The Intention Behind The Ommani Center

How does one adapt to being uprooted and unearthed?  The human spirit strives to survive, to continually move towards its destiny to carve out a course that reclaims ones sense of meaning.  My mother is a person who experienced this.  At the age of 10, her parents were killed in the India-Pakistan partition, leaving her orphaned and terrified.  As life presented her with gateways, she was able to walk through some, and not others, due to the fears resulting from the acts of violence she had experienced that had been imprinted upon her.  She engaged her courage as she grew large at the wounded places and carved a course for her life that offered her meaning and purpose.  Over the history of the human race, millions like her have been left with varying levels of paralysis in our world with little emotional context. The context with which the unknown was encountered for them was through the experience of terrifying loss.
We may think that our generation is protected from this level of loss, that it is from a more distant time, but this is far from the truth. Our world has been warring for decades, leaving casualties of violence and encounters with the terrifying unknown embedded in our collective psyches.  We are living in a virtual reality.  We have learned to cover up our feeling function and learned to deny our deep emotions with creature comforts, with superficial solutions, none of which endure.  Eventually we must stand naked before ourselves, confront our gateways and step into our largeness, reclaiming what was taken from us and redirect our course consciously into the unknown.  This is what midlife expects of us.  In the areas my mother was unable to choose, due to her circumstances, I must.  Where she could not reclaim, I must.  We, the children of the last generation, now in midlife, must find the courage to engage our consciousness in the areas where we become stuck, and live  from our superficial yet familiar cultural framework and believe in the potential of our souls.  To redefine health from this context is our sacred task.  This is how REAL Health Care can be accessed.
The Ommani Center for Integrative Medicine was born from my strong intention to create a context for health that is deeper than just the physical level.  Health is more than just symptom management through integrative methods.  As important and vital as this is, it does not access true health or healing.  Being conscious of how and where one lives and relates to life from may be the more important and deeper context that determines one’s state of true health.  This can and must be evoked.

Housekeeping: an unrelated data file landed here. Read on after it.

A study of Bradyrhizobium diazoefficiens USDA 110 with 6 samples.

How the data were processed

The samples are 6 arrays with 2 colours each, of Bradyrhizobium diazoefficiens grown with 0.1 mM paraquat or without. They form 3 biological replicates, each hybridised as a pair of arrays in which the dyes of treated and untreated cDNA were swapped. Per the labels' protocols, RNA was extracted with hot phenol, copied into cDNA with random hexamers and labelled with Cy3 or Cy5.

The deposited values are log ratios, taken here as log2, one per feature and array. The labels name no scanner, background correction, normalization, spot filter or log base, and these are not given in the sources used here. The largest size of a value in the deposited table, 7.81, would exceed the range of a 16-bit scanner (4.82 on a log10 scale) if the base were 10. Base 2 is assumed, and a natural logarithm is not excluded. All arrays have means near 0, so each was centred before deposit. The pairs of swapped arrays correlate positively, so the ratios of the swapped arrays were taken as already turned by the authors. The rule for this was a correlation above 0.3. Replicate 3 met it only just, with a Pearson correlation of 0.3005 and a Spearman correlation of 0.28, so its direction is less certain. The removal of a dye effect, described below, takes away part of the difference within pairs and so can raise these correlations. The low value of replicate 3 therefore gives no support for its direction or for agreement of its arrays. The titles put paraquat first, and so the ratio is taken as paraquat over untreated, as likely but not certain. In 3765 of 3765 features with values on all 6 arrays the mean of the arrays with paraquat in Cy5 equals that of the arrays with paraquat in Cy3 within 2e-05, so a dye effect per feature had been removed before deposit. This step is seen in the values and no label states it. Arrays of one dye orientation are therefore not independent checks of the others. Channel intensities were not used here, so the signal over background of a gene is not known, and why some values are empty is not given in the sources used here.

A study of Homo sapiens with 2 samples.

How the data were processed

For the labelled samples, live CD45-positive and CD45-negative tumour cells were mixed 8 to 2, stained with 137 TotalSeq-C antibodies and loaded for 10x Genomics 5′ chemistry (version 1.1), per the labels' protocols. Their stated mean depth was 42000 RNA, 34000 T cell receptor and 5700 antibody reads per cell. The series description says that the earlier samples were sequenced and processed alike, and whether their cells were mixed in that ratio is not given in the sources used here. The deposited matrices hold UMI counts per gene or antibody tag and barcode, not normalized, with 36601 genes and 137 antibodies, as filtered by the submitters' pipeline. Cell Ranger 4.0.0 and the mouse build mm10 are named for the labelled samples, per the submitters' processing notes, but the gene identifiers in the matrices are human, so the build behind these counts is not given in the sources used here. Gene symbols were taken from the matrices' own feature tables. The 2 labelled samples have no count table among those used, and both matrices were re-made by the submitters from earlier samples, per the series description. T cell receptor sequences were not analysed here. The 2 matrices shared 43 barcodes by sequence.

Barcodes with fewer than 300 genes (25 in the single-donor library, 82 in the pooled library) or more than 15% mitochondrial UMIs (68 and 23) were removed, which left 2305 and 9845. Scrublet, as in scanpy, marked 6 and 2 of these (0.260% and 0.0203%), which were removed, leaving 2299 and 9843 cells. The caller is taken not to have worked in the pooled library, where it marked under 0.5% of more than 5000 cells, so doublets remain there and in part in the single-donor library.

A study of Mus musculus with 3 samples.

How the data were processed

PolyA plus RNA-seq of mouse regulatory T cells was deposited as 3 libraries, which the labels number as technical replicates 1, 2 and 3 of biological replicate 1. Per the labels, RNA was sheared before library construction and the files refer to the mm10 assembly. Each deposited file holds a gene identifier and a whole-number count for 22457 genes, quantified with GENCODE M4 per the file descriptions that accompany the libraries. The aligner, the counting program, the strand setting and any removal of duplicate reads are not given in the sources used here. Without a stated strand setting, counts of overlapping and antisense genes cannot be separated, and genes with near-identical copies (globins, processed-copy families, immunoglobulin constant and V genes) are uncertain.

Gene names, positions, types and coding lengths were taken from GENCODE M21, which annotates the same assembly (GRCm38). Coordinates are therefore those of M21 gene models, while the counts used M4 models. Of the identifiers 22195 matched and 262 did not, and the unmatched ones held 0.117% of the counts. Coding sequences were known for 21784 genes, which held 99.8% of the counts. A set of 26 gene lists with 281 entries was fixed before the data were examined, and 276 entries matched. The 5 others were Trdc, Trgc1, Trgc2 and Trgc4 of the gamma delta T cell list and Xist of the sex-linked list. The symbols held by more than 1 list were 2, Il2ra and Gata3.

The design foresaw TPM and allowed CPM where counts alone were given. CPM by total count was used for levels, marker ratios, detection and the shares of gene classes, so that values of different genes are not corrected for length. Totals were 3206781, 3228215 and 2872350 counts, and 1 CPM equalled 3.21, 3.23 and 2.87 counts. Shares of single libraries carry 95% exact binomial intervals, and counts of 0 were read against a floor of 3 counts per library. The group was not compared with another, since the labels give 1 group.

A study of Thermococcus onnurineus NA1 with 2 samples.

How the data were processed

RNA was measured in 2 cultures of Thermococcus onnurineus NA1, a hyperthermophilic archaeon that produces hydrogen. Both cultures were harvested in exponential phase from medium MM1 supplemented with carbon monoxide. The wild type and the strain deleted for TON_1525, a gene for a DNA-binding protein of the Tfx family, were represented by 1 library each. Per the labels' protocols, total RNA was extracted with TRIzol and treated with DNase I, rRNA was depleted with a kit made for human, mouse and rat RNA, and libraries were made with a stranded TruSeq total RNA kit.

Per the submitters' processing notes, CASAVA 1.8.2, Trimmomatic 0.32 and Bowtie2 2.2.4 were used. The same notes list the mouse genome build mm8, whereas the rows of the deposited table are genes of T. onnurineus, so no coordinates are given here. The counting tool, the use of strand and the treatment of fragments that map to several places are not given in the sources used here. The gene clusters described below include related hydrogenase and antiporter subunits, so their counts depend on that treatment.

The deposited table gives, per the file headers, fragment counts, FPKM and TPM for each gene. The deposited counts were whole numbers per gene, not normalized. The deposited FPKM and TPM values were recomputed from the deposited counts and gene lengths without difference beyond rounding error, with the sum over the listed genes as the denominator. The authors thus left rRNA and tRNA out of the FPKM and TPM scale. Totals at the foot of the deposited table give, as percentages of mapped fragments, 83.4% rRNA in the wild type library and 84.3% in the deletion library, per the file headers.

If those that killed my grandparents and irrevocably changed the course of my mother’s life had this level of consciousness and asked the important and REAL questions, needless suffering could have been averted.  We cannot go back in time and change history.  We can, however grow strong at the places where we have been wounded.  We can use our wounds to acknowledge our humanness and engage our courage to grow in consciousness and health.  We must engage our wounds in order to offer ourselves a larger context for empowerment, reclamation and ultimately for healing.  This will uncover a deeper sense of meaning in our lives.
A Health Care System that can hold this level of space from a context such as this, inclusive of modern technological advances with high-standard –of –care, is what we all deserve.  It is a place where meaning is restored.  Cultivating and supporting a system like this is sacred work.  For me, it is a vocation.  Where my vocation aligned with my mother’s biography is where I found meaning and an opportunity to create a larger context in the form of The Ommani Center where true health and meaning could be accessed that was inclusive of my love of medicine and my devotion to high quality health care.
If we want a system that cares and offers us more than what our current system offers, this needs to be our collective work.  Together, we must  support and expect health care to be REAL for us so it can  address our REAL needs and ask the REAL questions of us, questions that we can live out in our destinies from a place of health and meaning.  I encourage all of you to expect this from our Health Care System.  Our expectations of what is REAL will truly change our world for the better.